Just when you thought you understood private clouds, along comes converged infrastructure. You wouldn’t be wrong to wonder, are they the same thing?
A private cloud, most people agree, is a virtualized computing environment designed to serve separate groups of people using shared resources located behind a firewall. A public cloud allows IT to create and manage multiple virtual servers within a set of physical servers.
Because the National Institute of Standards and Technology (NIST) defines cloud computing as having such characteristics as self-service provisioning and metered service (in a pay-as-you-go model), many believe a private cloud should provide these as well, along with layers of automation and management that reduce the need for human intervention.
For its part, NIST defines a private cloud as an infrastructure operated solely for an organization that can be managed by the organization or a third party, and can exist on-premises or off. You might agree, that’s a pretty broad definition.
Private clouds can be built using existing technology, but it’s no simple matter, according to James Staten, principal analyst at Forrester Research Inc., who said only 5% of corporations are ready to offer private cloud service. Policies, procedures and automated tools need to be put in place to manage virtual machines, and business units need to be ready to use the same infrastructure, he said.
Even then, security remains a tough nut to crack — perhaps even more so than in the public cloud, where providers have had time to fine-tune their offerings, according to experts.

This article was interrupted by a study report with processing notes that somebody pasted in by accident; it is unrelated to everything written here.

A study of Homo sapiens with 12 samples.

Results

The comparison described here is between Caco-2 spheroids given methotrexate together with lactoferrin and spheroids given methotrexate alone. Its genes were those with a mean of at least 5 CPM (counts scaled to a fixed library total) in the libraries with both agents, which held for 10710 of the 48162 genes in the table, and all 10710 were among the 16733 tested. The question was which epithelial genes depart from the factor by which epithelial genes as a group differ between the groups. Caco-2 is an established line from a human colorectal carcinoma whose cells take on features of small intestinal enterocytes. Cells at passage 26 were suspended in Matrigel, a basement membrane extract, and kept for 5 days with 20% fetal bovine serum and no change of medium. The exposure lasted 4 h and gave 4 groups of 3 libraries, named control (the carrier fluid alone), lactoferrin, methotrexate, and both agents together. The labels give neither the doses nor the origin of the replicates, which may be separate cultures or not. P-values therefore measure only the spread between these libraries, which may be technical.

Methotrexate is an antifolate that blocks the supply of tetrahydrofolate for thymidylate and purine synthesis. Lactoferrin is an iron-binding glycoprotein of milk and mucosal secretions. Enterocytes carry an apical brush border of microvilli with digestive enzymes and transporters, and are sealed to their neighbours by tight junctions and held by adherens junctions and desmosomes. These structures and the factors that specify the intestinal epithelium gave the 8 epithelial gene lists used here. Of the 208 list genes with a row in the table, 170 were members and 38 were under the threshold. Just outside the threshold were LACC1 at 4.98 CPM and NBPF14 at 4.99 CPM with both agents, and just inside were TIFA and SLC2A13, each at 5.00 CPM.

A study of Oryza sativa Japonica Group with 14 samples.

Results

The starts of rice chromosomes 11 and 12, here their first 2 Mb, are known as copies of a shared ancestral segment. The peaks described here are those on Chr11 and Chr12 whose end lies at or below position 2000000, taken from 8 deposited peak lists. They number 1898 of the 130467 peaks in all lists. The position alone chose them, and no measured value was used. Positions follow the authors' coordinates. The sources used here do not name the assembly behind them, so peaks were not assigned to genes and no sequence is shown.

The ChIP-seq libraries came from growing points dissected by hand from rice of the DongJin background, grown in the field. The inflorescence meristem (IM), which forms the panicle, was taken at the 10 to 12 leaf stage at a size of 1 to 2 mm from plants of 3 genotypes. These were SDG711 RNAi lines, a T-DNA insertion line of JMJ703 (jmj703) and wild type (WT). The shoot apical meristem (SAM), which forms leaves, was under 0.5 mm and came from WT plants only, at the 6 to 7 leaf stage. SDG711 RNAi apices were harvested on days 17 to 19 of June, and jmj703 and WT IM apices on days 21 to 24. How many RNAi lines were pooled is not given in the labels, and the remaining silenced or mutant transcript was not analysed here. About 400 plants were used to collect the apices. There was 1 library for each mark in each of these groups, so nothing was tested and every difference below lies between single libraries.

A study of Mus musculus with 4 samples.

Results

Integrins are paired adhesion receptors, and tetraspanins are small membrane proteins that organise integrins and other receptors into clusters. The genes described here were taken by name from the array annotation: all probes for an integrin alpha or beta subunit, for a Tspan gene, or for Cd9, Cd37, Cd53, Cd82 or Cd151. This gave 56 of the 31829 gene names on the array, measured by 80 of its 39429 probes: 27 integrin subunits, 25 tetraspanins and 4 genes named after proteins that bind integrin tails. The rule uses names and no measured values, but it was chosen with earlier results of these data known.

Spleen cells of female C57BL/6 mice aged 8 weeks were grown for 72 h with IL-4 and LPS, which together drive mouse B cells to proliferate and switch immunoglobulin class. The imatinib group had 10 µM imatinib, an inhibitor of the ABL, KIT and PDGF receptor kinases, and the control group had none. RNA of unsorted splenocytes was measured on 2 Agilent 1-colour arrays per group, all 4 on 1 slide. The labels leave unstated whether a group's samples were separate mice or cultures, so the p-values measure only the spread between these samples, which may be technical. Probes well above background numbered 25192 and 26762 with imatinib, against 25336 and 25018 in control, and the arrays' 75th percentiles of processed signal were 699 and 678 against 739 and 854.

Enter converged infrastructure, a term given to prepackaged virtual computing environments from various cadres of vendors. Notable entries include Hewlett-Packard’s BladeSystem Matrix and Cisco Systems’ Unified Computing System (UCS), which combines Cisco servers and networking with VMware’s vSphere and EMC storage. As for security, VMware reportedly is working on adding it to the hypervisor.
A converged infrastructure combines server and networking features into a single virtualized machine that enables true resource sharing, rather than certain resources being assigned to a particular server. But are these “private clouds in a box” the solution for your enterprise? The key concern, as we will soon examine on SearchCIO.com, is vendor lock-in.
Analysts say major consolidation is afoot — look no further than Oracle’s buying Sun Microsystems not too long ago. So, choosing the right converged infrastructure — should you choose to go that route — is a decision of utmost importance.